70 Dead From Massive Kenyan Flooding

(Cupventi.com) – Severe weather continues to wreak havoc across East Africa, with Kenya facing unprecedented flooding that has claimed the lives of at least 70 people since mid-March, as confirmed by government spokesperson Isaac Mwaura. This figure has doubled from earlier reports this week, illustrating the rapid escalation of this crisis.

In a recent statement on the social media platform X, Mwaura detailed the devastating impact of torrential rains in Nairobi, where 32 individuals perished this week alone. The Rift Valley region also reported significant casualties, with 15 deaths attributed to the floods, according to a government report released following a disaster response committee meeting.

The consequences of these floods are far-reaching, with over 120,000 individuals displaced and 22 injured. The report also noted eight people missing, underscoring the chaos and disruption brought about by the incessant rains.

In response to the immediate needs, the Kenyan government has earmarked 3.3 billion Kenyan shillings (approximately $24.5 million) for emergency response measures. These funds are intended for infrastructure repairs, emergency housing, and food assistance. The flooding has severely impacted educational facilities, with Belio Kipsang, the principal secretary for education, reporting that 64 public schools in Nairobi have been substantially affected, representing nearly a third of all schools in the capital.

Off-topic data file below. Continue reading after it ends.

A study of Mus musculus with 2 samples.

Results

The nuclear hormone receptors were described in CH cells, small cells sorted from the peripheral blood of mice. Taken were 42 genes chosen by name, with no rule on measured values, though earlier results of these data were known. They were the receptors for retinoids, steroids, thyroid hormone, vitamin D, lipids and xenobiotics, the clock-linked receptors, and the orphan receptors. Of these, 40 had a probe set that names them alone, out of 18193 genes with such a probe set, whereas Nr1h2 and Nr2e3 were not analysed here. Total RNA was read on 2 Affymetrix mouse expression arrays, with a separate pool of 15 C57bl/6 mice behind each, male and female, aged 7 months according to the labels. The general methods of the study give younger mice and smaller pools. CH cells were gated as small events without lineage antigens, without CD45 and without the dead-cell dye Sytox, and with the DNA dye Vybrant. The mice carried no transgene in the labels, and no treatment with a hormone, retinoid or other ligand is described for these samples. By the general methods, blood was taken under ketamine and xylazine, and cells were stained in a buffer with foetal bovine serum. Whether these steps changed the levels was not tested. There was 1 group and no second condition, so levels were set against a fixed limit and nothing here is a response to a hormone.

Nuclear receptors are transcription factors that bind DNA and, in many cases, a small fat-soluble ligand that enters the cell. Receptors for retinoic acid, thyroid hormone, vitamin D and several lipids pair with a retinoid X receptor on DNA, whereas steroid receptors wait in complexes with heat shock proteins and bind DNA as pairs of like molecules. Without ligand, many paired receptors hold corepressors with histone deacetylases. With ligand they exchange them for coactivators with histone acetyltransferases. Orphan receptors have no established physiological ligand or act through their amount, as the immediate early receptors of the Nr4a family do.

Despite these challenges, Deputy President Rigathi Gachagua has assured that schools will reopen as scheduled after the mid-term holidays. This statement comes as the government urges Kenyans to remain vigilant, with more heavy rains expected in the coming days due to the ongoing monsoon season.

The flooding in Kenya has been exacerbated by the El Niño weather pattern, a global climate phenomenon known for disrupting normal weather patterns, leading to extreme weather conditions such as droughts and heavy rainfall in different parts of the world.

Beyond Kenya, the region of East Africa is suffering broadly from similar conditions. Tanzania has reported significant loss of life with at least 155 people killed in flooding and landslides, as stated by Tanzanian Prime Minister Kassim Majaliwa. He also highlighted that over 200,000 people were impacted, with extensive damage to homes, crops, and critical infrastructure such as roads, bridges, railways, and schools.

Burundi, too, is grappling with severe weather, with about 96,000 people displaced due to continuous rains, according to the United Nations and the Burundian government. The UN’s humanitarian agency, OCHA, has reported that in Somalia, the seasonal Gu rains, which typically last from April to June, have intensified, causing flash floods and affecting over 800 people nationwide. Meanwhile, Uganda has seen devastating storms that led to the bursting of riverbanks, resulting in two confirmed deaths and the displacement of several hundred villagers.

This series of climatic adversities comes after the region attempted to recover from its worst drought in four decades last year, which left millions hungry and claimed over 300 lives in Kenya, Somalia, and Ethiopia due to torrential rains and floods. This ongoing crisis underscores the vulnerability of East Africa to climate change and the pressing need for comprehensive and sustained responses to weather-related disasters.